Kirsten Owen on

Fresh Look Back: Paulo Sutch

Like history, the fashion industry has a tendency to put its visuals on repeat. Taste, however, is the impalpable tool of the creative that has the ability to skirt that in-style loop, defying the stamp of a decade. Skimming through the work of photographer Paulo Sutch, his facility to capture the current and make it timeless becomes writ large. Raw, unposed images of now iconic faces like Kristen Owen and Liya Kebede rub shoulders casually amongst undiscovered faces to make up a modern, compendium of both unpublished and published archives from Dazed, V Magazine, 10 and personal works. Edited together, a thoughtful perspective manifests. We spoke to Paulo to put some background to his work and process following his return after a hiatus from fashion photography.

Can you put some context to the Kirsten Owen series? 
I shot Kirsten several times and we became good friends, she’s funny, I wanted to shoot her as I saw her, I liked what she wore. ‘Model style’ wasn’t so prolific then in the early days of the internet, Kirsten’s style consisted of ‘Free clothes’ she had been given in payment for doing shows etc, there was a lots of very good vintage, Marc Jacobs, Helmut Lang and Yohji Yamamoto. All of it had been customised or repaired many times by her mother or her friend Stella Tennant.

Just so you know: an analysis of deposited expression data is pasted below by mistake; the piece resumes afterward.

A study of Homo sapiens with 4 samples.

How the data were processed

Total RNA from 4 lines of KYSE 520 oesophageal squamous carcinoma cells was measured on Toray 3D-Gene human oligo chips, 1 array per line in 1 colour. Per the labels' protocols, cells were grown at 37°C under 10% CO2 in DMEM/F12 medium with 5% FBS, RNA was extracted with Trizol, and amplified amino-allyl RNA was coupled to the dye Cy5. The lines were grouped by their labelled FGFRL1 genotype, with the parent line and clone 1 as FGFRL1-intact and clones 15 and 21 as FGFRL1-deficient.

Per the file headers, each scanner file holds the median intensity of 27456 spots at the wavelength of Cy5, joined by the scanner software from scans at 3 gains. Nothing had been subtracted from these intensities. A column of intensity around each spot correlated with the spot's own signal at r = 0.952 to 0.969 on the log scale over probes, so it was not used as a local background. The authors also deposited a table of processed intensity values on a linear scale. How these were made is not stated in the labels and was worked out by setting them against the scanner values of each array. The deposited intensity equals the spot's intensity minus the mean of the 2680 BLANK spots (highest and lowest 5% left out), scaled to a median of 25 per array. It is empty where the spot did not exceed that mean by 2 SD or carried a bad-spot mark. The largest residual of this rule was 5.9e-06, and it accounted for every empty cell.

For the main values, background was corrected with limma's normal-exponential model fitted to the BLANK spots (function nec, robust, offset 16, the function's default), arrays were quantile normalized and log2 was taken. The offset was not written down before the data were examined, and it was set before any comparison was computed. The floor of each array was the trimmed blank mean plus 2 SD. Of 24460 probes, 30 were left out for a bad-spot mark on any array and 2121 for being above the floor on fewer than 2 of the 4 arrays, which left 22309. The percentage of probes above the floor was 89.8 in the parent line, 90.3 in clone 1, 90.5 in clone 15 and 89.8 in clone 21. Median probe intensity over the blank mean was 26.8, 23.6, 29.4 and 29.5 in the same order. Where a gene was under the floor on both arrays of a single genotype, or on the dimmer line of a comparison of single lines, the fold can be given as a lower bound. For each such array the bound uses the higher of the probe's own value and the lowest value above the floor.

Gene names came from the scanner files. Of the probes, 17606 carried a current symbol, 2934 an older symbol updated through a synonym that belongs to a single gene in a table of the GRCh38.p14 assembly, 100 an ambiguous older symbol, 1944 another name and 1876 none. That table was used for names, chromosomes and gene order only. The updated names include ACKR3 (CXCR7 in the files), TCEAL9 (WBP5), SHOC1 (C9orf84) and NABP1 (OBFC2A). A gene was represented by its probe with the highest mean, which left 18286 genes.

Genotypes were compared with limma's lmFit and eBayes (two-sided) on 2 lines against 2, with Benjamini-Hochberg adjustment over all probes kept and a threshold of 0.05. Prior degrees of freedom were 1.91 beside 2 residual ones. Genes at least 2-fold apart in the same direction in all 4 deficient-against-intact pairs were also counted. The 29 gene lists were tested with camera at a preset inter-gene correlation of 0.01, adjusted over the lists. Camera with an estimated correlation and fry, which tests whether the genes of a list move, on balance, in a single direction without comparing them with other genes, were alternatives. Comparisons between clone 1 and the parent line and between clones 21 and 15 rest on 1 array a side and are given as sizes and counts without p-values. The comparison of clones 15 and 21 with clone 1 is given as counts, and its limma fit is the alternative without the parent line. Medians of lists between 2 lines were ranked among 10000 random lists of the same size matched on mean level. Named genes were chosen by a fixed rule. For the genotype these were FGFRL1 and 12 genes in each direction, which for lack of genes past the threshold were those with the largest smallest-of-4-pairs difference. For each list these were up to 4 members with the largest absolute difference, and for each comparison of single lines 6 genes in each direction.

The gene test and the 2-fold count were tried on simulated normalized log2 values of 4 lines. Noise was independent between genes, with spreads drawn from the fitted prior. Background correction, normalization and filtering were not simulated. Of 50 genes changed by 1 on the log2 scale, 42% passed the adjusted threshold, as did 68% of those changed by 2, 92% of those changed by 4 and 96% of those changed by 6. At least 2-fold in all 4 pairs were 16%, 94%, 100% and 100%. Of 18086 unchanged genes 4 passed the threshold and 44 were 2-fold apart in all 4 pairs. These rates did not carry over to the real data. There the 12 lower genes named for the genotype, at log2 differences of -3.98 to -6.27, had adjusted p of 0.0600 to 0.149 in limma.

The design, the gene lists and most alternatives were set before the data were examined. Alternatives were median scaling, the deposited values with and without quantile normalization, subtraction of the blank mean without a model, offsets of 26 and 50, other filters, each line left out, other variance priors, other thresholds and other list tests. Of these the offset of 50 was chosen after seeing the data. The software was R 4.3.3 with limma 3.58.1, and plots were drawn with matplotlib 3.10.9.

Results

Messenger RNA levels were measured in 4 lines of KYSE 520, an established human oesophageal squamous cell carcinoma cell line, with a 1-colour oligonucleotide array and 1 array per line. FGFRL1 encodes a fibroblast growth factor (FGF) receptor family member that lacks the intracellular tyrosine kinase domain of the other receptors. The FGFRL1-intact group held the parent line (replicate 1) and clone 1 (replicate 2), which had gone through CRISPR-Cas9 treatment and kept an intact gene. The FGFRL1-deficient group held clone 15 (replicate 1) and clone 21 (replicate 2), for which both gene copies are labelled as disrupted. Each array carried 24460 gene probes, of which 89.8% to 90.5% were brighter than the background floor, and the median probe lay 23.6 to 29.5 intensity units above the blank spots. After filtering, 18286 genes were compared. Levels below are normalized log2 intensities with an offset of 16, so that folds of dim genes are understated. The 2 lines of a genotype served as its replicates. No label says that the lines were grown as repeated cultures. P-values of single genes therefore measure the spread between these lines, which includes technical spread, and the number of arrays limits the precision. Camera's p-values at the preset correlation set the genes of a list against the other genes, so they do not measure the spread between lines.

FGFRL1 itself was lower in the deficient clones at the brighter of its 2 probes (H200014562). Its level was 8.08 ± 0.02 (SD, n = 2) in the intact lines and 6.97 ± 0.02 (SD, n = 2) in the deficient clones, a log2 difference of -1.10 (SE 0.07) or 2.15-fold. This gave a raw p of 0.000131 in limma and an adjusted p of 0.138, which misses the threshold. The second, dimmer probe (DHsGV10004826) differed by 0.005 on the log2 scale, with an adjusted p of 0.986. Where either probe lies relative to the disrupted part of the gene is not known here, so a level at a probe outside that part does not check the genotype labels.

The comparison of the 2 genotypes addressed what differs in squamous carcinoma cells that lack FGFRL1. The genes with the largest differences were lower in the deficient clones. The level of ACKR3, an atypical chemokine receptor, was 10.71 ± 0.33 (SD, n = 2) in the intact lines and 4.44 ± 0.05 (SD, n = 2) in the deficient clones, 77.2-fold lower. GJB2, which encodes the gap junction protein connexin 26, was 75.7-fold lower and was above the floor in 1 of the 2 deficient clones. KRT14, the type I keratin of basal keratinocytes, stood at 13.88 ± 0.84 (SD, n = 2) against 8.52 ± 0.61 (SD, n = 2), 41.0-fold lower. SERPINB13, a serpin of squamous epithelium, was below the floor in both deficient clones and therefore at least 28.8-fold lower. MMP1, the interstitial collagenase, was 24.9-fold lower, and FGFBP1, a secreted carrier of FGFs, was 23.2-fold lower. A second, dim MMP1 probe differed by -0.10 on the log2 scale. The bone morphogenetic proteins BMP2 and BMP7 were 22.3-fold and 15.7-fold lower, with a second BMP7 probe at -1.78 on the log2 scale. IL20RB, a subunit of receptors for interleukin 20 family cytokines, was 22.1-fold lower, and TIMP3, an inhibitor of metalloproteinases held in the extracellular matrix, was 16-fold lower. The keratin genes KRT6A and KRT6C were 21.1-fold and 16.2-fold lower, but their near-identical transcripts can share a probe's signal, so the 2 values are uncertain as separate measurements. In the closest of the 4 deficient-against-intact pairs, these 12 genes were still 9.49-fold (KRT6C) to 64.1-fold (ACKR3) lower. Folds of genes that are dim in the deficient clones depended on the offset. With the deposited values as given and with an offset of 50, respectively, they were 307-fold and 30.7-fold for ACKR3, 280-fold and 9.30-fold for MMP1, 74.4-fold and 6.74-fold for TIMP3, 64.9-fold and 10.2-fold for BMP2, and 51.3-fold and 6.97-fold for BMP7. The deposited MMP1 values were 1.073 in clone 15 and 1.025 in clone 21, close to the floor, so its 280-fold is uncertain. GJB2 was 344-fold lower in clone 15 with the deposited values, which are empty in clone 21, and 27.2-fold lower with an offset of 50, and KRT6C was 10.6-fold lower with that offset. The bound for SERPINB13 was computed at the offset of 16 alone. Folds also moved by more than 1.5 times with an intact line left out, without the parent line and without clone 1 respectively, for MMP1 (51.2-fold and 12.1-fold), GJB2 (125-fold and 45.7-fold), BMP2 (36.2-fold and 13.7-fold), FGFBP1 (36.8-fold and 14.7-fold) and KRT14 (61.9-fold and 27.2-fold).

They (the models and the photo in general) seem so unguarded, where does that off-handedness come from in regards to your style? 
Just a very small team, me, the stylist and the model, often together for days at a time, makes shooting very intimate and natural. Also a Large Format 4×5 camera demands a very still and calm countenance.

How did you get your start? 
I was a cook. Then I got  a chance to work for a food photographer, I was his assistant and cook! It’s a very similar process, cookery and photography, the understanding of ingredients.

You took some time away from fashion, upon returning has your philosophy evolved, or changed at all? 
No not really. I think it became obsolete for a while, in view of digital and retouching and a more polished aesthetic. I favor a non interventionist style, no retouching and minimal hair and make up, place and time being equally important as fashion and girl.

Casting seems to play a crucial role in your work, as there’s a strong point of view there–what do find exciting when choosing subjects? 
The best stories have a specific girl in mind, as it is a role, you see it play out, before shooting,  only one or two girls would be quite right, at most. Casting is building a story about one individual.

And what’s on your agenda for the future?
Much of the same with newer younger teams, and a continuing process of reediting.

What excites you on the current state of things coming from the perspective of a creative?
Independent print magazines are flourishing. Having the new and greater audience of Tumblr and Instagram. As far as models, the re emergence of individuality and diversity.

In regards to the images you chose from your archives to represent you now, with what in mind did you do the edit?
In hindsight, the least obvious choice on a roll of film, seems to be the best. The edit is based on this. I let the pictures choose themselves.